These Cellmates Didn’t Let Prison Get In The Way Of Success
Throughout history, a huge number of famous faces have served their time behind bars. Going to prison has shaped the destinies of countless amounts of people, helping them to turn their lives around for the better. For some cellmates, however, prison was just a starting point and rather than waiting until they had served their time to get going, these people got right to work while they were still serving their sentences. Just because you’re behind bars, it doesn’t mean that you can’t recreate yourself.
- William Addis
Once upon a time, oral hygiene was a very minor part of the everyday routine. In 18th century England, it wasn’t unusual for the everyman to rub cloth over their teeth to give them a good cleaning, sprinkling particles of salt or chalk to get rid of really stubborn stains. Towards the end of the century, however, things were set to change, all thanks to the ingenuity of one prisoner. William Addis was in the midst of serving a sentence for rioting when he stumbled across an innovative creation. Using a leftover bone and pig bristles, he fashioned himself a primitive sort of toothbrush to give his mouth a better clean. Over the years, he made a number of variants on the model, passing the business on to other family members who built it up into a major trade.
- Ezra Pound
One of the most famous poets in American history, Ezra Pound was no stranger to a prison cell. Having denounced the American way, Pound was tracked down in Pisa and locked up on charges of treason against his country. Having been locked away in a small steel cage, Pound soon began to go insane, writing his celebrated “The Pisan Cantos” to keep his mind in check. The work later won him the Bollingen Prize, one of the highest literary honors in the world at the time.
- Robert Franklin Stroud
Charged with one count of murder, Robert Franklin Stroud was handed a 12 year prison sentence in 1909. Due to his violent nature and methods of intimidation, Stroud had soon earned himself a life sentence and was moved to Leavenworth prison. It was due to this, however, that he discovered his calling. Finding solace in the birds that surrounded the place, Stroud began building wooden aviaries for the creatures. He even went on to write a number of celebrated books on the subject, which proved to be essential for the development of ornithology.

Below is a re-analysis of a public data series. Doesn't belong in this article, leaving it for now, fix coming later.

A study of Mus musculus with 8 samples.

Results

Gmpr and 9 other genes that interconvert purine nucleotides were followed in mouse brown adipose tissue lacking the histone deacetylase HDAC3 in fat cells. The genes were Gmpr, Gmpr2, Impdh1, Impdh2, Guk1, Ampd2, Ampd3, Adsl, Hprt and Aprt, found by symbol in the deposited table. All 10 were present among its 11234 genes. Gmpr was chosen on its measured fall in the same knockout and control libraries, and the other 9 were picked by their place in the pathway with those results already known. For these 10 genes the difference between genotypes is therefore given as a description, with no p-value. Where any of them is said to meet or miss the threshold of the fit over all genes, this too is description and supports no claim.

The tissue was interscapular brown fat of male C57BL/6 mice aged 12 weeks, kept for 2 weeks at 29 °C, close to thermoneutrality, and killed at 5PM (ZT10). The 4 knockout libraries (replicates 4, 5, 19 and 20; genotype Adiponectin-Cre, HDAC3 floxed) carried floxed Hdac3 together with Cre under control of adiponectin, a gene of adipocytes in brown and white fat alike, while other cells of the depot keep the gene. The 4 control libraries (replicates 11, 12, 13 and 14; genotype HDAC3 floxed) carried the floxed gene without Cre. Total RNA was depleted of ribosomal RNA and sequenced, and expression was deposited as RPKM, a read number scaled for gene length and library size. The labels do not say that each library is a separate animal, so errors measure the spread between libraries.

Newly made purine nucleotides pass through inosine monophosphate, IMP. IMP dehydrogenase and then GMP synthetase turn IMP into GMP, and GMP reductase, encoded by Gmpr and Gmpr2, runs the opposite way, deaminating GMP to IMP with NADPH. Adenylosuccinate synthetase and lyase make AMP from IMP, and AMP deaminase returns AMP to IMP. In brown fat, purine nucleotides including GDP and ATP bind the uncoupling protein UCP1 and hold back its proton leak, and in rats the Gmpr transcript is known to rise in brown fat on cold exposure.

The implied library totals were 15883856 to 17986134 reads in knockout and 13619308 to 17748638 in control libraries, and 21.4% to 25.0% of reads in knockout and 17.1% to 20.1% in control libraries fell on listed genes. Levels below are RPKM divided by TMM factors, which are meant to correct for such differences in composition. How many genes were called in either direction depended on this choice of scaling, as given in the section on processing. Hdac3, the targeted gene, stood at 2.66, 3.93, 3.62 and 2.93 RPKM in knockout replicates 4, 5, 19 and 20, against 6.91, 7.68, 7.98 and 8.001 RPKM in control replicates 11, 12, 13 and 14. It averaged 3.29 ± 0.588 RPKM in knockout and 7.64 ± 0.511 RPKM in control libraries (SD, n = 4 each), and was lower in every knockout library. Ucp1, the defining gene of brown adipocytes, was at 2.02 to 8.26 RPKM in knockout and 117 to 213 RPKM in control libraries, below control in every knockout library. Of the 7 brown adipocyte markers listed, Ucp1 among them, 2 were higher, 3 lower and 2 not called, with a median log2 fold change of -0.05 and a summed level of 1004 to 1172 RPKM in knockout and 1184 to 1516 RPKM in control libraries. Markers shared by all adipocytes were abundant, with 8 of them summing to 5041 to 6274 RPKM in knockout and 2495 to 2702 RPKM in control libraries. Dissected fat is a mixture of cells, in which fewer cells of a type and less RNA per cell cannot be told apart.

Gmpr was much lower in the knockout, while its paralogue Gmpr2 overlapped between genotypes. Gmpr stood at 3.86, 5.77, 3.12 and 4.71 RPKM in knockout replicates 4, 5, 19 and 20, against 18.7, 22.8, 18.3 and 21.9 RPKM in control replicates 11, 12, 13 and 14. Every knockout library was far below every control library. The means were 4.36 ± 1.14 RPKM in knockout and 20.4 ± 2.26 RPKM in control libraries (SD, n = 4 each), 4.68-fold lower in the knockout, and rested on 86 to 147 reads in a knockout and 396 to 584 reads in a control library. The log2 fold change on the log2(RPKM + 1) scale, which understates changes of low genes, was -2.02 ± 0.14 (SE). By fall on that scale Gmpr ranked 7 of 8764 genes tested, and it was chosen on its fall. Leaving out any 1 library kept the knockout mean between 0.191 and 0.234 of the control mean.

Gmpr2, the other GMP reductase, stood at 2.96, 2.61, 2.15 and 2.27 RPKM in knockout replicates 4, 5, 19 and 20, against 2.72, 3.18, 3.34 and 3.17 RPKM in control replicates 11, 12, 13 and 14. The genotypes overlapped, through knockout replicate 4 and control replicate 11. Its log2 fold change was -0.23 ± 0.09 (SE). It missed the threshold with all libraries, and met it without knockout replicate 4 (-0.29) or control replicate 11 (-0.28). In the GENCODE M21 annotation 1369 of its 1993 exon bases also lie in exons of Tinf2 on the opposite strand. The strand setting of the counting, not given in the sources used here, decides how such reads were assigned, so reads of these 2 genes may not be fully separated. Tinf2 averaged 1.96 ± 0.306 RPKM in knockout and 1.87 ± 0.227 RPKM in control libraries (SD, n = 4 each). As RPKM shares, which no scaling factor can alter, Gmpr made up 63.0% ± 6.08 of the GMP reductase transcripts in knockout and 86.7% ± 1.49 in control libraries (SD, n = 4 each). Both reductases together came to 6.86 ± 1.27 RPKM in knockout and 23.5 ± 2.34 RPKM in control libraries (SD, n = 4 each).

- Miguel de Cervantes
Born in a time of conflict, Miguel de Cervantes served in the Spanish Navy Marines until his capture by the Ottoman Turks in 1575. Living as a slave for five years in Algiers, de Cervantes began penning his now celebrated work, “Don Quixote”, in order to pass the time. During his time incarcerated, de Cervantes finished the two huge volumes of the piece, tragically dying just a year after the second tome was published.
- John Bunyan
A Baptist preacher in the mid 17th century, John Bunyan earned himself a place in prison after the Monarchy deemed it illegal to hold religious meetings outside of the Church of England. Despite his charges, however, Bunyan stood true to his beliefs, using his time in prison to work on his own teachings. While incarcerated, Bunyan created “The Pilgrim’s Progress”, one of the most famous works in the English literary canon ever written.
- Aung San Suu Kyi
A political figure in Burma, Aung San Suu Kyi was arrested just before the country’s 1988 elections, creating huge outrage amongst the country’s citizens. Remaining under house arrest for a period of 15 years, Aung San Suu Kyi kept up her beliefs in democracy, speaking in favor of a fair election process. Her consistent efforts won her a Nobel Peace Prize and a huge win for her party in 2015, finally toppling the string of dictatorships that had taken over the country.